Types of Validity
Here is an overview on the main types of validity used for the scientific method.
Let's take a look on the the most frequent uses of validity in the scientific method:
“Could there be an alternative cause, or causes, that explain my observations and results?”
Test validity is an indicator of how much meaning can be placed upon a set of test results.
Criterion Validity assesses whether a test reflects a certain set of abilities.
- Concurrent validity measures the test against a benchmark test and high correlation indicates that the test has strong criterion validity.
- Predictive validity is a measure of how well a test predicts abilities. It involves testing a group of subjects for a certain construct and then comparing them with results obtained at some point in the future.
Content validity is the estimate of how much a measure represents every single element of a construct.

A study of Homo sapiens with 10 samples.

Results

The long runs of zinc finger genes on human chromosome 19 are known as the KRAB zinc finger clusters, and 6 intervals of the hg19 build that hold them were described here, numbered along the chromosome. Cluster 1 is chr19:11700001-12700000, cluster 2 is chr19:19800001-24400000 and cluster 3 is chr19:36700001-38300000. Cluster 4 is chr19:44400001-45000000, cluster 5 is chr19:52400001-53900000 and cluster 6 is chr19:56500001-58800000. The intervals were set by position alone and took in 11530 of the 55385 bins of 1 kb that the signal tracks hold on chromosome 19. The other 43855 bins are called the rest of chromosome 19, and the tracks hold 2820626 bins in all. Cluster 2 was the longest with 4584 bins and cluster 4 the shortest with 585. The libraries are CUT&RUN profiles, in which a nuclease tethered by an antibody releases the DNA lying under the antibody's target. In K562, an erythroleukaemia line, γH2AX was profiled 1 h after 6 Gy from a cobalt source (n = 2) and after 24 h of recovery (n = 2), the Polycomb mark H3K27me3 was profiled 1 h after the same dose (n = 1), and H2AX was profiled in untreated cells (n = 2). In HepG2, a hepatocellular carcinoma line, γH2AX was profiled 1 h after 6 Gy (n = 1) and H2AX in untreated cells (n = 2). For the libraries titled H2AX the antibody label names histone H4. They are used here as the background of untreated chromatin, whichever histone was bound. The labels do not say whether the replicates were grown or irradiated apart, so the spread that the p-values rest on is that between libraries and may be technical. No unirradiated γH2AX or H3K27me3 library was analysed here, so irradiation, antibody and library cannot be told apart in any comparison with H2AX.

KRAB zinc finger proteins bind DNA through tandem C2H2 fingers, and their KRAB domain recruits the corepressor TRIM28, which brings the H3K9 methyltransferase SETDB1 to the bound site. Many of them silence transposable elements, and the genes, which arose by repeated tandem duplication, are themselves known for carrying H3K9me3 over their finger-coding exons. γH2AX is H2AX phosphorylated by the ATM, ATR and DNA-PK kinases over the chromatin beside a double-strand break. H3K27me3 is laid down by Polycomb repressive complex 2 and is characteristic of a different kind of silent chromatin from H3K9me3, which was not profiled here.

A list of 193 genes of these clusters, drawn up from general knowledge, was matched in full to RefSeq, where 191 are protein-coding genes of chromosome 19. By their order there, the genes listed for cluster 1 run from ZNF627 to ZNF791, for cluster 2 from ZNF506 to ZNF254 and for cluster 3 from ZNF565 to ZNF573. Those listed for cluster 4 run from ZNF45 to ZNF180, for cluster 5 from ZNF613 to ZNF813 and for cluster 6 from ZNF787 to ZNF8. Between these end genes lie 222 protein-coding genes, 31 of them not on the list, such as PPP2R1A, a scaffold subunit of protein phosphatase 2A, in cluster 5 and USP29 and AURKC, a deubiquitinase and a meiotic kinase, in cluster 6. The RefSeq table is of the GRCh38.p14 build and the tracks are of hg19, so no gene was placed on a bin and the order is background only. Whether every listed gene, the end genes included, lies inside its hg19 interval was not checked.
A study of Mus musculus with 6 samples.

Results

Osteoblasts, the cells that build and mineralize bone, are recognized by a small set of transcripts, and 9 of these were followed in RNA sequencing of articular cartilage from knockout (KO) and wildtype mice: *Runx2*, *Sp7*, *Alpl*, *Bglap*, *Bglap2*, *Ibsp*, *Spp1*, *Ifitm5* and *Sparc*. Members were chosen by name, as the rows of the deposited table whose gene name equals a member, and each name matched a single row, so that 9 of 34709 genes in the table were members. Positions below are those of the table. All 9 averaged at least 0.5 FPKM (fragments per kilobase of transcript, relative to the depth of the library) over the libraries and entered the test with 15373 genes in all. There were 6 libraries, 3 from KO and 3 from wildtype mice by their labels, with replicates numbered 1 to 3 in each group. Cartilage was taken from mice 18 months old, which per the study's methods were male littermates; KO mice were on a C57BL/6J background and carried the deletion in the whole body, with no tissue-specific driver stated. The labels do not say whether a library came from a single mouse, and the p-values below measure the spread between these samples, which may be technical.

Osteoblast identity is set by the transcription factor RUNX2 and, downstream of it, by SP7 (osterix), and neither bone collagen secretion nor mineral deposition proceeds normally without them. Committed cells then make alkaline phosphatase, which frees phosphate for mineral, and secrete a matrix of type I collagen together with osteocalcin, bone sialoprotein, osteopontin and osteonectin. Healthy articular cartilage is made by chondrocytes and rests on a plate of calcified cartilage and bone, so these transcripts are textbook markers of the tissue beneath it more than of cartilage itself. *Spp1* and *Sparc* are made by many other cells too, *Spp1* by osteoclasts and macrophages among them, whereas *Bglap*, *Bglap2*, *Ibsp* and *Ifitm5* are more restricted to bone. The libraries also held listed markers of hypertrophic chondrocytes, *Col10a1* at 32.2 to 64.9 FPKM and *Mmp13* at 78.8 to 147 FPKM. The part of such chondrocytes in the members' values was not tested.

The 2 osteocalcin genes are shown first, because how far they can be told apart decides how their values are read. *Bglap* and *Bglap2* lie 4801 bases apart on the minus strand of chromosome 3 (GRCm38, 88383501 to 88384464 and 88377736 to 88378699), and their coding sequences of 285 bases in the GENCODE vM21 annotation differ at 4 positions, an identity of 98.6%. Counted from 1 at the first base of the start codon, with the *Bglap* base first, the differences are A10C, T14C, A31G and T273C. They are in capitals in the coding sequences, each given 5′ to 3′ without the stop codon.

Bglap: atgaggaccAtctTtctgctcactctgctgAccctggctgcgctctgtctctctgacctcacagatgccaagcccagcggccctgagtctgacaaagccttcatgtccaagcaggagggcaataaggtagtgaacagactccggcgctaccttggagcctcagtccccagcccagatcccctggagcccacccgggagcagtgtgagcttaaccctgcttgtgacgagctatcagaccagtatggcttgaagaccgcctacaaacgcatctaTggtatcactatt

Construct validity defines how well a test or experiment measures up to its claims. A test designed to measure depression must only measure that particular construct, not closely related ideals such as anxiety or stress.
- Convergent validity tests that constructs that are expected to be related are, in fact, related.
- Discriminant validity tests that constructs that should have no relationship do, in fact, not have any relationship. (also referred to as divergent validity)
Face validity is a measure of how representative a research project is ‘at face value,' and whether it appears to be a good project.